Wednesday, 26 January 2011

'Cos love's such an old fashioned word

Originally published in January 2011; removed then republished (redacted) in Feb 2016




I am happy.

Today, the craziest week I think I have ever had at work took a turn for the better: for the first time in many days I feel like I am regaining control of my professional life. Projects and plans have had to take a backseat; eleven hour days and not much sleep came hand in hand; but today saw the first signs that I might be getting on top of my quadrupled workload. Sunday was my only day off in the last two weeks, and it proved to be a good Sunday. I played my guitar in the Pavilion in the morning and then Rachel and I, along with Rachel's friend Helen who was staying with us, went to the Ikon Gallery.

The entire gallery was exhibiting only the work of Len Lye, a pioneer of motion and kinetic art, including his films and moving sculptures. We began on the top floor, where Lye's kinetic sculptures were given the acres of space they deserved - bits of metal wibbled, wobbled and clashed in remarkably specific ways to make ripples of light in a darkened room, a calamitous cacophony not unlike the wind of a hurricane, and movements mesmerising, unnatural and alarming at the same time.

Downstairs a handful of paintings, showing off Lye's Māori, Aboriginal and Polynesian influences, played second fiddle to his animations and groundbreaking film work, of which my favourite was the video above. The film, called Colour Box, was made in 1935, the effects achieved by painting patterns directly on to the film itself. Note the subtle marketing techniques also...

There is no point to this post, other than to remark on a Sunday oasis amidst chaos at work. I'm half way out of the dark.

Wednesday, 12 January 2011

I was hiding under your porch because I love you

TODAY I gave a lab meeting on my PhD progress to date, or at least since my last meeting. This in itself isn't remarkable, except that it also happened to be my 15 month formal meeting, attended by my internal assessor, to examine my progress and assess my achievements and enthusiasm. Needless to say I've been extremely stressed, prone to error and subjecting myself to perhaps more than I can handle since returning from the holidays. Last Friday, for example, I was juggling two separate experiments, each a day's work in themselves, all while trying to prepare for new experiments this week, using techniques entirely new to us all.

The meeting went well, and in fact I was the most relaxed in any lab meeting I have ever given, perhaps because I think - though I stress that it is only that I think - that I finally know a little about what I'm talking about.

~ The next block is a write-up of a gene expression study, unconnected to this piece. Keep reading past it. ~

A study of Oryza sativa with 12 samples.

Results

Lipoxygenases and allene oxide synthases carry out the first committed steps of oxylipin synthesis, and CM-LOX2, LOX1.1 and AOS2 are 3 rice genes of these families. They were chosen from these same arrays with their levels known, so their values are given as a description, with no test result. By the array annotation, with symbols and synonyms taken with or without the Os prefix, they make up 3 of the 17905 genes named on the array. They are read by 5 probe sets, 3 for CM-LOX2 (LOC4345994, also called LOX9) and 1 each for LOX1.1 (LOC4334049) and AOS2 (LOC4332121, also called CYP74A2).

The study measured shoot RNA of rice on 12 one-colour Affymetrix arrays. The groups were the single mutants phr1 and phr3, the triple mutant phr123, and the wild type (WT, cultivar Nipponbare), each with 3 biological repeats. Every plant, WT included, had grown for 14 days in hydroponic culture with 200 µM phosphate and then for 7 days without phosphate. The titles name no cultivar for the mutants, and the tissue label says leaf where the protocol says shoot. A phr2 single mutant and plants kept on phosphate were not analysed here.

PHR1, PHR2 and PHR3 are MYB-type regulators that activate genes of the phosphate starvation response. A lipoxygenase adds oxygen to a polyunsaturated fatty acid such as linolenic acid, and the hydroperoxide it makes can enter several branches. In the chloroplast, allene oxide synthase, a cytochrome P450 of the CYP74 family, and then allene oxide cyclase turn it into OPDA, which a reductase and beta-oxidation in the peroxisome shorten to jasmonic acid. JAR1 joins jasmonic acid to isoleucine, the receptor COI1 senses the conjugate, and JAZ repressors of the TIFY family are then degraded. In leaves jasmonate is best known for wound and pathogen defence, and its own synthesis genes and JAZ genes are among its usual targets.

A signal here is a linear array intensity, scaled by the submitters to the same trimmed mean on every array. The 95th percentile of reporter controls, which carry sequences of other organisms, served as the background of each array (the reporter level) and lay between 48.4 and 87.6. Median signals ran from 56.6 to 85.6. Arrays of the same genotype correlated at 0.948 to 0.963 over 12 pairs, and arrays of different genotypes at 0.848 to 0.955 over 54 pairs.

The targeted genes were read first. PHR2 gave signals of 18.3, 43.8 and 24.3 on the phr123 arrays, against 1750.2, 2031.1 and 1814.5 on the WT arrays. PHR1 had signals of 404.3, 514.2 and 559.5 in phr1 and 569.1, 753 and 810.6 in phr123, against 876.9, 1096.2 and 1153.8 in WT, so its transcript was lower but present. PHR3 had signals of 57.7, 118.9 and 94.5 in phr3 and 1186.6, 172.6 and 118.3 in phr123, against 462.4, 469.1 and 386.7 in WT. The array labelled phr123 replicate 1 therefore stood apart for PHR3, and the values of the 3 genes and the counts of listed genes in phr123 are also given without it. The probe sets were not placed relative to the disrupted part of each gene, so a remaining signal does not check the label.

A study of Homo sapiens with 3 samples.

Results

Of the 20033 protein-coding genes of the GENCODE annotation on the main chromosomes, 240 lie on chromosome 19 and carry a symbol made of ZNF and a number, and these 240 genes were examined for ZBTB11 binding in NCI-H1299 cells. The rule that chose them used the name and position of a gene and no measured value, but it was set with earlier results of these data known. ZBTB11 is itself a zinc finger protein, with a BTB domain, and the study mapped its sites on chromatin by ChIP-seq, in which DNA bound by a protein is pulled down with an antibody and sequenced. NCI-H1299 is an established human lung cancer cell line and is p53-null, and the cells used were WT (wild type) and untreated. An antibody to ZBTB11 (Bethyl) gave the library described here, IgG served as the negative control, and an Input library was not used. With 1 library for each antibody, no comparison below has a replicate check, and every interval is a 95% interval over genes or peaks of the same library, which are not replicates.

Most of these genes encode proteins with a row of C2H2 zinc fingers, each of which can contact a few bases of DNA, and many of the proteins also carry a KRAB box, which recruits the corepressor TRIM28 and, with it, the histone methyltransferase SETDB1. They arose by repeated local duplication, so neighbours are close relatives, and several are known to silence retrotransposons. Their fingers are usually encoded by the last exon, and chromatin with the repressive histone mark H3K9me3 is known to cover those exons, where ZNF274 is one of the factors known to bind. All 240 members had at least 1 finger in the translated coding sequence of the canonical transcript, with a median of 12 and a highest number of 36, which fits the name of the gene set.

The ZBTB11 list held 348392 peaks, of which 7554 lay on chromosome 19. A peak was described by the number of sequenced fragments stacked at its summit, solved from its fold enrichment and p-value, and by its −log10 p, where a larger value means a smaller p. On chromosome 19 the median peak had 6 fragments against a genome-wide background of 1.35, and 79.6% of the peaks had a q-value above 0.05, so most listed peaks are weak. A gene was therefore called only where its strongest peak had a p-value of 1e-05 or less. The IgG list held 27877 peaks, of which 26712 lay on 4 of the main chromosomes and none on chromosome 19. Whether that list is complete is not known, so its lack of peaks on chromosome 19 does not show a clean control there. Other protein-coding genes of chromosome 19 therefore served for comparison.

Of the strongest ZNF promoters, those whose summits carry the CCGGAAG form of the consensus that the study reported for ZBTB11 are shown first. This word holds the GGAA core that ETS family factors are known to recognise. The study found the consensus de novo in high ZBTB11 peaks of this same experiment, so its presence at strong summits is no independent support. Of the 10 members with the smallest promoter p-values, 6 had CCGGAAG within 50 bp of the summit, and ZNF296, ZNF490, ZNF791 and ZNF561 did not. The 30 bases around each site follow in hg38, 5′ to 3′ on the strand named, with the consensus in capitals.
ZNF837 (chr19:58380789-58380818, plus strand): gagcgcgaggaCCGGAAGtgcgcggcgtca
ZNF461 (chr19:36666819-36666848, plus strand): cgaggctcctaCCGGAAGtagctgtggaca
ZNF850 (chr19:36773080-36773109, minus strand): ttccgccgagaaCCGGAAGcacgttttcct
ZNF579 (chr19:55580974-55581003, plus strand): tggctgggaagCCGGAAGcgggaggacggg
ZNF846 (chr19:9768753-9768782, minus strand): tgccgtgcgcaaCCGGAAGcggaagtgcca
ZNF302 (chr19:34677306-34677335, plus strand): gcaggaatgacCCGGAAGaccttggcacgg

This meant that the rest of the day whooshed by in a daze, as I swanned around humming to myself and feeling content. I haven't achieved all that I had wanted to by this stage in my project, but my supervisor and internal assessor seem to be happy with my progress. When I left for home my spirits were high, not dampened by the drizzle falling from the heavens. A gentleman passed me on the way to the train station, clearly also having had a good day. He was walking faster than me and, just after overtaking me, he began to skip, heading straight - sploosh - into a puddle. At this he let out a "weee-heee-HEEE!" and then returned to his walking pace, undoubtedly rather pleased with himself.

This evening, in celebration, I watched a DVD I have been coveting for a while that, following a documentary on the BBC recently, I purchased in a fit of temptation. It was Pixar's Up.

If you haven't seen it, it's not possible to explain the plot with justice: it just sounds silly and odd. It is about a man who ties balloons to his house and flies to South America. But it is the reasons why he does this, the interplay between him and an eight-year old accidentally caught on his doorstep as the house takes off, and the ever present touch of sadness throughout the film that make it something absolutely special. This is not your standard silly animation, although for sure, its plot is preposterous and never tries to be anything besides. But when I saw Up at the cinema I am quite happy to admit that it made me cry - in sadness and delight in equal measure. The first ten minutes particularly are heartwrenching. Yet I think I probably cried even more tonight on viewing it once more. This is a film about adventure, love, appreciation and memories, tangled up with the cords of those balloons. I know such a review sounds clichéd and ridiculous, and sure, I'm a sucker for an ounce of celluloid silliness lovingly sprinkled in Pixar dust, but I honestly think Up is one of the greatest films of the last decade. It never ceases to affect me in a deeply personal way.

As I reviewed it upon leaving the cinema when it was first released, I consider Up to be pure joy in film form.

And now I retire after a triumphant day, ready for the adventures tomorrow will bring. Furthermore, they will be adventures with my wife by my side. Adventures are what makes life fun, and without them, I would be lost.